A season is a period during which a specific type of agricultural work is normal or a certain kind of weather prevails; a suitable or appointed time for something.
As the earth revolves around the sun, the tilt of the earth’s axis at an angle to the plane of the ecliptic produces a cycle of weather seasons. As markers of the passing of time, the heavenly bodies serve as indicators of seasons. (Ge 1:14) Genesis 8:22 says that the earth’s seasons will “never cease.” For a correlation of the months of the Jewish and Gregorian calendars and the festival, weather, and agricultural seasons, see CALENDAR.
Closely connected with the agricultural seasons were the annual “festival seasons” when the festivals established by the Mosaic Law were celebrated. (1Ch 23:31; 2Ch 31:3) Hence, when Paul counseled some Jewish Christians who were “scrupulously observing days and months and seasons,” he meant the festival seasons that were a part of the Law, not simply weather or agricultural seasons.—Ga 4:10.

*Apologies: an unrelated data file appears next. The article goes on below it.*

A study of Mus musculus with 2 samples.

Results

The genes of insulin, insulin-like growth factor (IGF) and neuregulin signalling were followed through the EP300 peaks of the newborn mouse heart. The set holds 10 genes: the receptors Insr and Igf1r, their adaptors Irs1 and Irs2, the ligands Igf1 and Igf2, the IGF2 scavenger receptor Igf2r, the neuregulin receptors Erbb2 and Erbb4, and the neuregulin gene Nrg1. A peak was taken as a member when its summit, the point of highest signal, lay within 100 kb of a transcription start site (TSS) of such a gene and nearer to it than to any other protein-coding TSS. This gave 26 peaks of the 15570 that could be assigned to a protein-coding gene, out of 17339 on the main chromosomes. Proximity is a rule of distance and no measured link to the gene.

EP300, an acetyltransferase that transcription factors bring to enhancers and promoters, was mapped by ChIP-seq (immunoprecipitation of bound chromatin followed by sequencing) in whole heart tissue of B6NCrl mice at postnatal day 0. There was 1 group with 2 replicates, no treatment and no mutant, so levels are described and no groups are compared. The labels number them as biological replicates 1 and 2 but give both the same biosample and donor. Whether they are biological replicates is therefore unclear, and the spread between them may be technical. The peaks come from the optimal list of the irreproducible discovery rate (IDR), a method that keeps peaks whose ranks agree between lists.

“Season” can therefore refer to a fixed or an appointed time or a period possessed of certain characteristics. (Ac 3:19, ftn; Ro 8:18; Ga 6:9) In time what constituted healthful teaching and proper conduct were made very clear to Christians. Accordingly, it was the “season” to be awake. (Ro 13:11-14) The “times or seasons,” or periods when Jehovah’s will in certain matters would take place, were of real interest to his worshipers (Ac 1:7), who understood them as they were progressively revealed.—1Th 5:1.
In regard to the dwelling of nations on the earth, God “decreed the appointed times” (Ac 17:26; “fixed the epochs of their history,” NE) in that he determined when certain changes should occur, such as when the divinely appointed time came to uproot the Canaanite inhabitants of the Promised Land.—Ge 15:13-21; Jer 25:8-11; Da 2:21; 7:12; see APPOINTED TIMES OF THE NATIONS.